By Ashley Hinkley, Staff Writer 

ADAC club officers Amber Cognato and Lindsay Cochran. (Photo by Kasey Richards)

ADAC club officers Amber Cognato and Lindsay Cochran. (Photo by Kasey Richards)

The sixth annual Spurwink Sprout Film Festival was recently featured at UMF to help provide a new perspective on the abilities of individuals with intellectual disabilities through the use of videography. This is the second consecutive year the Sprout Film Festival has traveled to UMF to showcase their work, but this year, the Advocates for Disability Awareness Club (ADAC) had the privilege of hosting the event.

The highly anticipated film festival consisted of nine short films that were “made by, for, and about people with intellectual disabilities,” according to Spurwink’s publications. Within each of the films, stories, both comical and eye-opening, helped to give students a new perspective on different disabilities. Lindsay Cochran, sophomore at UMF and treasurer of ADAC, hoped the film festival would provide a new insight toward individuals with intellectual disabilities, along with their many capabilities.

“As a club, we aim to spread awareness about different disabilities,” Cochran said. “I just hope the audience got something out of attending this event.”

This year, ADAC had the opportunity of choosing which films would be presented to the audience in the two showings on April 6th. Amber Cognato, senior and President of ADAC, was pleased and honored that the club had been given the opportunity.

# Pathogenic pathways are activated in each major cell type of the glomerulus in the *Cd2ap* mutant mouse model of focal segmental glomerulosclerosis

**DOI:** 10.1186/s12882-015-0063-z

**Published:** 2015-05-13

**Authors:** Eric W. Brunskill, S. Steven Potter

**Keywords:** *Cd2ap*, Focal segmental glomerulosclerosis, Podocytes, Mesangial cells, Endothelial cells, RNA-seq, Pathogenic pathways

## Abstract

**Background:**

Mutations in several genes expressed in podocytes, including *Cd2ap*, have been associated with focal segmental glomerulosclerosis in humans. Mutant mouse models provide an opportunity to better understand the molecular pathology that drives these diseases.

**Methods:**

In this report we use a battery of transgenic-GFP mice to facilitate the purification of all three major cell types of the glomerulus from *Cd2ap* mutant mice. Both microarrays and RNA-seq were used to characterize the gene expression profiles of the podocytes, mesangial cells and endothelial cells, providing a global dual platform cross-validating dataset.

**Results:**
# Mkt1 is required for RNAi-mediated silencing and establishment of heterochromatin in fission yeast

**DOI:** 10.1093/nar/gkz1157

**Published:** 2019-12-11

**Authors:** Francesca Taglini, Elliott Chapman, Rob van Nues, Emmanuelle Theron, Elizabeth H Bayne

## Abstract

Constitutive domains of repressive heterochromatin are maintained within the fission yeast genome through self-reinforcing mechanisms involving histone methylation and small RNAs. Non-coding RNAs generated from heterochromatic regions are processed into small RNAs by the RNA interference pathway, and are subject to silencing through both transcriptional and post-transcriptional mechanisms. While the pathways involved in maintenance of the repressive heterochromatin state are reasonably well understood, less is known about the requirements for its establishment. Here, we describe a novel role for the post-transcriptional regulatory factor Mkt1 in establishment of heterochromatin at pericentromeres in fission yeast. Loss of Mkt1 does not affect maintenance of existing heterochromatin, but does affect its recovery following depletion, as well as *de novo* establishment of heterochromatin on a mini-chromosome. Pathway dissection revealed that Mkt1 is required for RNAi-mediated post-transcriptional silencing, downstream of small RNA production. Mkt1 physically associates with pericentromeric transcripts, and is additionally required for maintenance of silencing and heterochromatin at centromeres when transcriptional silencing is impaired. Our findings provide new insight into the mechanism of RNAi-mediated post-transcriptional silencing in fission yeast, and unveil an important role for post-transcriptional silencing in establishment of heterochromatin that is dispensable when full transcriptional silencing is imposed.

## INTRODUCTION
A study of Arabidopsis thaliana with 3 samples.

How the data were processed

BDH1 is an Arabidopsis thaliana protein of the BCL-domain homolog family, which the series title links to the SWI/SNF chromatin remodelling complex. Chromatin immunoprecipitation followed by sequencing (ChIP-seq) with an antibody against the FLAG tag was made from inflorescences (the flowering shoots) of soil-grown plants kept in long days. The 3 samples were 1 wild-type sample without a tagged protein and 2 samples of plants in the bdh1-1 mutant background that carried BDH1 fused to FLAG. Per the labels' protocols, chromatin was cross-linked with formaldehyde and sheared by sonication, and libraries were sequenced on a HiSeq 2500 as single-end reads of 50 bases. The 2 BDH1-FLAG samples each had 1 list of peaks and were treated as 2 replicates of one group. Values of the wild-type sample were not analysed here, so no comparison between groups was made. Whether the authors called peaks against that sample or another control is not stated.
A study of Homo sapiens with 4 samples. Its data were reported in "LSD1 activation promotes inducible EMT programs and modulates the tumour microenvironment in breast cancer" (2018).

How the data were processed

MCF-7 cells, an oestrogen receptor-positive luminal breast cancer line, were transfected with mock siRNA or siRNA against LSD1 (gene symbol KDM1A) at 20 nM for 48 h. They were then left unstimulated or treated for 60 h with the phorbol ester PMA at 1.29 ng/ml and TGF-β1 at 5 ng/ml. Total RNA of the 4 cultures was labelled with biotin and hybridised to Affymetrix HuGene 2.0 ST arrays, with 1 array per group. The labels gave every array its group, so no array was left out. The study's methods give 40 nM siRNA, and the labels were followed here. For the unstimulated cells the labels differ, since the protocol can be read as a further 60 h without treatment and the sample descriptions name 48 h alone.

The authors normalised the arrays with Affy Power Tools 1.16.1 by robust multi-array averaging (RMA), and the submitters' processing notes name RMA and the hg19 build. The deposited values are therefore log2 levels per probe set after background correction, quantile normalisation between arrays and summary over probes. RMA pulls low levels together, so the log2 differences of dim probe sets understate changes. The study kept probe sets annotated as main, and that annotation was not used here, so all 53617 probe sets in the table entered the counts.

“I felt a positive vibe amongst the club because of this experience,” Cognato said. “We were also able to better connect with each of the films the club had chosen.” Along with this responsibility, the club and its members also ushered and advertised for the event, ultimately leading to its success.

Sitting amongst the crowd within Lincoln Auditorium that evening, complete silence had fallen as the employee began to play the series of films. As the hour went on, the once quiet auditorium filled with the sounds of clapping and laughter as the stories continued to unfold on the screen. Lance Neeper, special education professor and ADAC’s faculty advisor, was very pleased with the films and the overall outcome of the event.

“It’s a collage of tiny clips that separately tell a story but showcase inclusion,” Neeper said. “I hope the audience got a greater awareness of the variety of issues depicted in the films.”

Because of their relative youth on campus, ADAC was not only to excited to sponsor the film festival to raise awareness of disabilities, but to attract more members to their club. . According to Neeper, creating the the club aimed to get more people, regardless of their major, to become more aware of the disabilities that several individuals face. “There are some studying rehab, special education, early childhood education, and elementary education,” said Neeper. “But the club is growing and we have about 40 members.”

The club is open to everyone, including those with busy schedules. “Even if they can’t show up every time, they can still participate in other ways,” Cognato said. “Be there when you can, because it’s great!” The club meets every Thursday from 6-7 in room 113 in the Education Center.